The coronavirus pandemic and associated lockdowns have taken a massive toll on the economy, with unemployment rising to levels not seen since the Great Depression. In response, Congress passed stimulus legislation designed to provide Americans with urgent financial relief.
But while Democrats have complained that the Trump administration has done a poor job of handling those funds, new information from the nonpartisan Congressional Budget Office (CBO) tells a very different story, according to The Washington Times.
In an article published on Tuesday, the Times reported that “Congress’ chief scorekeeper had high praise for the Trump administration.”
Agencies moved “quickly and effectively”
The Times quoted CBO Director Philip L. Swagel as saying that the Treasury Department acted “quickly and effectively” in its distribution of cash.
“The IRS and those other agencies deserve a lot of credit,” Swagel continued. He also lauded the efficiency with which the Small Business Administration operated.
However, while the official had positive words for the overall handling of the crisis, he did stress that there is still a long and painful road ahead.
“The experience of recent downturns has been the recovery is prolonged,” Swagel pointed out, predicting that the lost economic progress will take “years to get back,” according to the Times.
Unemployment battle looms
There is serious division on Capitol Hill regarding what kind of additional economic stimulus may be needed, with Republicans and Democrats offering very different plans. Unemployment benefits have emerged as a main point of contention thus far.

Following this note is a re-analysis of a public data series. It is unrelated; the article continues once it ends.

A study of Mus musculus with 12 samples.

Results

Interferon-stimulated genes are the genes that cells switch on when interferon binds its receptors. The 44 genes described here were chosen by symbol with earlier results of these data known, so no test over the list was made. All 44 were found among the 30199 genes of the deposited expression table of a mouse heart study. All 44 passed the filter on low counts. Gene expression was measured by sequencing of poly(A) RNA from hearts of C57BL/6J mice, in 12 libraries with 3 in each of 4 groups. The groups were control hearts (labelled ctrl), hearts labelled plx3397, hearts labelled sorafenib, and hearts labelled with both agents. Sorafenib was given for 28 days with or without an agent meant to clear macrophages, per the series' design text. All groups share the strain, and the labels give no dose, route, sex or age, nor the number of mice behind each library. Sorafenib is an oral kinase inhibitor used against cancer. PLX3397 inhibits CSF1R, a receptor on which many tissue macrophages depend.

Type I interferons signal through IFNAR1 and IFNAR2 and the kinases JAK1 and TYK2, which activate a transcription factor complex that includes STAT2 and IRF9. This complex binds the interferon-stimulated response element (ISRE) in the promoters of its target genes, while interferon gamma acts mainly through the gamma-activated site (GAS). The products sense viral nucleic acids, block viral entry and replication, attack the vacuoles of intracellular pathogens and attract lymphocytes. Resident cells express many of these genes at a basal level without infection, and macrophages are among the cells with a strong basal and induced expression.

House Speaker Nancy Pelosi (D-CA) pushed the HEROES Act through congress last month, legislation that includes a provision extending a coronavirus-related unemployment insurance bonus that led to many workers receiving more money through the enhanced benefits than they would have earned on the job, as NPR reported.
“[Senate Majority Leader Mitch] McConnell and the President must join the House to protect lives and livelihoods by passing The Heroes Act now,” Pelosi said in a statement released on Wednesday.
However, McConnell (R-KY) contends that the extension of the additional payments would be economically counterproductive and would disincentivize people from returning to or seeking new jobs.
“What I thought was a mistake was the bonus we added that small businesses all over the country are saying make it more lucrative to not work than to work,” Politico quoted the Kentucky Republican as saying on May 31. “That’s exactly the opposite of what we want to do.”